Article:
When in Italy, dine like an Italian

Here are some tips and tricks to help you pass as a local when you’re dining out in Italy.

If you have ever traveled to Italy, you might have wondered what the difference is between an osteria and a trattoria, or whether it was possible to order pasta with your meal. There’s also a chance you might have felt like you’ve fallen into a tourist trap at least once, or were perhaps even a bit taken aback by paying for your water and bread basket as well as a cover charge.

When traveling abroad, there are always a few details that escape us. In a country like Italy where food is so important, the fact is even more evident when you’re dining out. A trip to Italy also lends itself to the discovery of the country’s excellent gastronomic and wine culture, and it really would be a shame to miss out on that. So, here are some tips and tricks that will help you make the most Italy and its gastronomic treasures.

Osteria, trattoria or ristorante?

When looking at a list of, say, recommended lunch restaurants, you might be wondering what’s the difference between an osteria, trattoria and ristorante?  Nowadays, the difference between osteria and trattoria isn’t as evident as it was once upon a time.  Osteria is derived from the word oste which means the “host”, the one who serves the wine. They were originally unfussy, friendly local establishments where you went to drink and chat over a glass of wine, which was always coupled with simple dishes that could have easily been prepared at home so as not to drink on an empty stomach.

The trattoria itself was a place to eat. It was, of course, possible to have your dish served with a glass of house wine poured from a jug which is still the case today.  However, you kept going back to the trattoria for traditional regional dishes like those made by Italian grandmothers. It’s the ideal place to sample the city’s classics such as bistecca alla fiorentina in Florence, cacio e pepe pasta in Rome,  ragù in Bologna or the milanese veal cutlet in Milan. The atmosphere is usually just as relaxed as the management at these often family-run establishments. Some offer set lunch menus that change from day to day for local workers, and this is an opportunity to enjoy a complete meal for about €10 give or take.


Ossbuco all Milanese, a dish typical of Milan

The most significant difference is with ristoranti, or restaurants, where the dishes are a bit more refined. The atmosphere tends to be more formal and chic, and the service is more professional. The price, therefore, is generally higher at restaurants, so Italians usually go to one to celebrate a special occasion or to enjoy a quality culinary experience.

TRUE or FALSE 

-You can’t order water from the tap, you have to pay.

TRUE, but the price is relatively low, about €1.50 for a big bottle of water.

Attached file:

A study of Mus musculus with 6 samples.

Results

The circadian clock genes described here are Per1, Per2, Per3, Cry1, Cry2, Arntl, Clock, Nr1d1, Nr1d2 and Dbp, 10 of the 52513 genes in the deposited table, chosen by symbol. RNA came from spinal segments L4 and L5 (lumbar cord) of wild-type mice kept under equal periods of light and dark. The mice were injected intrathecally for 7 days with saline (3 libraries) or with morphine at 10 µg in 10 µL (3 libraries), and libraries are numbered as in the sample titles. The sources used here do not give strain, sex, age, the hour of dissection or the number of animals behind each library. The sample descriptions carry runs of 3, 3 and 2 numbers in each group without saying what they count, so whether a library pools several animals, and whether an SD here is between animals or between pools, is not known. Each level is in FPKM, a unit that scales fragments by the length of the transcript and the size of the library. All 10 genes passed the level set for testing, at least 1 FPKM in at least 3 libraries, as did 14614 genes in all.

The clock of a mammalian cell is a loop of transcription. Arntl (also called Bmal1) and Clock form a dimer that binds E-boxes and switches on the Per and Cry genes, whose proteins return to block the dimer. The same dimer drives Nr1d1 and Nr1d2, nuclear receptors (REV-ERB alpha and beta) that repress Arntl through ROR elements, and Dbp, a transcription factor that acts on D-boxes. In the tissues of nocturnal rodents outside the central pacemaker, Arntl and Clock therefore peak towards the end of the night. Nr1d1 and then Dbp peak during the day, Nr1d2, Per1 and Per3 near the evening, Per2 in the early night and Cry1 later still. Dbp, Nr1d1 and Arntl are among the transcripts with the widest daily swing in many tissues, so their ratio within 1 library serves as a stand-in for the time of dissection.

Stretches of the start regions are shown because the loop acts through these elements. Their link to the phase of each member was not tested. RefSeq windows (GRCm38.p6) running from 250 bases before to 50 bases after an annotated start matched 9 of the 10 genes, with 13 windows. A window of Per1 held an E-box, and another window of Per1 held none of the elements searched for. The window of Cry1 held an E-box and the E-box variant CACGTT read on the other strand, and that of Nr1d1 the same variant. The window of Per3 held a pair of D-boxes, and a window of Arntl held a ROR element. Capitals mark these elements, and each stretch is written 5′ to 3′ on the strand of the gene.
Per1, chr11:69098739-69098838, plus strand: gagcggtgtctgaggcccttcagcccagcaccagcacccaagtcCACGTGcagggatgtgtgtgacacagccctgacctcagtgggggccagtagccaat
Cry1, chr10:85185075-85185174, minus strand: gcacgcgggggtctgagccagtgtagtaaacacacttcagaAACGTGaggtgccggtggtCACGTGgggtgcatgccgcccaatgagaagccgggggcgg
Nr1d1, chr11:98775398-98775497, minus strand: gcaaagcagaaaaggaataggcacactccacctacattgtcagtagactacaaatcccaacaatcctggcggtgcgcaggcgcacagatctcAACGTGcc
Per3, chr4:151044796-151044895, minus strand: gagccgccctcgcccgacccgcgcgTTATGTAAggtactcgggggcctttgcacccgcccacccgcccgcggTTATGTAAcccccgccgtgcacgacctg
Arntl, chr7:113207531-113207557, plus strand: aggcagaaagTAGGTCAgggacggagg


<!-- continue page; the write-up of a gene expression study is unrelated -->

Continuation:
-It is necessary to the cost of where you’re sitting on the final bill.

TRUE: The price may even vary if you take your coffee standing at the bar or sitting at a table. The same case applies to restaurants, where you have to pay for the cutlery, so don’t be surprised if you see charges for coperto (cover) and/or pane (bread) on the bill. These prices are, however, relatively low.

-I can choose to accompany my steak with pasta.

FALSE:  Pasta is a dish in its own right, and you should eat it on its own before or instead of a meat dish. To accompany your meat or your fish, you should choose a contorno (side dish) such as vegetables, fries, salad or potatoes.


A selection of Italian cheese

Local tips

Have breakfast at the bar or at the torrefazione (coffee roaster). Choose your pastry, order your coffee and enjoy it all while standing, like a real Italian…preferably without taking too much time so as not to annoy the Italians who must then go to work.

During the evening, have a glass of wine at the enoteca (wine bar) or a beer at the birreria. During aperitivo, you will always be offered something small to nosh on while you imbibe.

Don’t shy away from long lines…especially if it’s comprised mostly of Italians. It’s generally a sign of quality and an unmissable culinary experience.

As a rule of thumb, try to avoid restaurants near major tourist attractions.

Always try to have some cash on you. While it is true that restaurants are increasingly equipped with credit card readers, especially in big cities, this is not the case everywhere. They frown upon using your card to pay for something so small as a panino.

Don’t wear shorts and flip-flops to a restaurant unless you’re in a beach town.

Avoid restaurants next to major tourist attractions.

Do not ask for grated cheese to add to a fish or seafood pasta…this is considered sacrilegious in Italy!


Spaghetti allo scoglio…never top this with parmesan cheese in italy. Ever.

And there you have it! We hope you find these tips helpful during any forthcoming Italian adventures.